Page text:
Measles and mumps have both been top news items lately with headlines talking about outbreaks across North America. According to the Centers for Disease Control in the United States and multiple other organizations, the best way of preventing these diseases is through vaccination, typically with an MMR shot. This shot protects against measles, mumps and rubella. Rubella is a similar disease that has gone generally unnoticed during the last few months of outbreak, so we aim to provide additional information about rubella here.
Rubella, sometimes called German measles, is a contagious disease that causes rash, fever, aching joints, and sometimes much more serious complications as well. The disease is perhaps most perilous for pregnant mothers and their unborn children who can develop serious complications if they contract the disease.
The CDC has stated that vaccinating pregnant mothers is, sadly, not an option when it comes to the MMR vaccine. Therefore, it is best to receive the vaccination before pregnancy, preferably at a younger age, and the CDC suggests the MMR vaccine be first given to people aged four to six-years.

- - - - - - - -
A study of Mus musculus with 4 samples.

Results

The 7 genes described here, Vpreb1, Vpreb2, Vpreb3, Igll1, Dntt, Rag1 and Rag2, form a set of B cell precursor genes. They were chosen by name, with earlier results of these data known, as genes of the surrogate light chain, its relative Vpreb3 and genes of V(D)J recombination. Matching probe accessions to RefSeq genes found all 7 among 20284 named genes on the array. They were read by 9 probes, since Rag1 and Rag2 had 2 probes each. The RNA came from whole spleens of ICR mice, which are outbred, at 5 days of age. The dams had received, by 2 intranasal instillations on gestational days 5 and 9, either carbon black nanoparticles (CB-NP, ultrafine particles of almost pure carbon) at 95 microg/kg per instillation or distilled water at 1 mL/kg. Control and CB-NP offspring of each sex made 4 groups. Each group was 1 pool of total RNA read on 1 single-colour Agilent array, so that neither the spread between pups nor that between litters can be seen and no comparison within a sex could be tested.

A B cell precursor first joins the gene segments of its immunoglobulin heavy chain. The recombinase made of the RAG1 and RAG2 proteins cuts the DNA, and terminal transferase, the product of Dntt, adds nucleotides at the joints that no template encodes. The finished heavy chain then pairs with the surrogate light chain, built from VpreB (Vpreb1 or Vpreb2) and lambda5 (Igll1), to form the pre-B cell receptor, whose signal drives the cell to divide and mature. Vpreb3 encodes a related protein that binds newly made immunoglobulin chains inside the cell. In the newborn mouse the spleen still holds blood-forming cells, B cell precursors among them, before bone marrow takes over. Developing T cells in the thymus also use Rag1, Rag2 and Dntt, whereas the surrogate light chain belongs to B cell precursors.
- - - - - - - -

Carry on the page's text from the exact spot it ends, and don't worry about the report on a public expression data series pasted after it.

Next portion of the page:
Even though rubella is not as well known as the other two diseases included in the MMR vaccine, it still causes many problems. There is a shining light when it comes to the disease, however, and that is that it is easier to stop, and even possibly easier to eradicate, than measles or mumps. One of the main reasons for this is the disease rate of spread for rubella is but a third of that of measles. With such a low rate, preventative measures like vaccination make rubella much easier to contain.
Despite the relative ease of vaccination, vaccination rates against rubella are still lower than hoped for in some locations. Europe, for example, initially set a goal of measles elimination by 2010; now, in 2015, that goal has still not been reached.
While a part of the reason for unmet goals is a lack of vaccination, there are, according to the World Health Organization, other social and political factors that have contributed to a lack of immunity. In fact, since 2011, rubella cases have been on the rise in Europe. Notably, Europe is the only global region to experience a significant increase in cases since 2008.
The WHO reports vaccine preventable outbreaks for not only rubella, but also measles and mumps, in many parts of Europe, making the MMR vaccination even more important for travelers. Sadly, although vaccination offers protection to visitors, the lack of vaccination in Europe makes eliminating the disease nearly impossible.
If you plan on traveling to a region where rubella is endemic, it is recommended that you receive an MMR shot to protect you against the disease if you have not already received one.
For more information on rubella, see Passport Health’s MMR portal.
Do you think rubella can be eliminated without our lifetime? What can be done to help stop the disease? Comment below or on our Facebook page with your thoughts.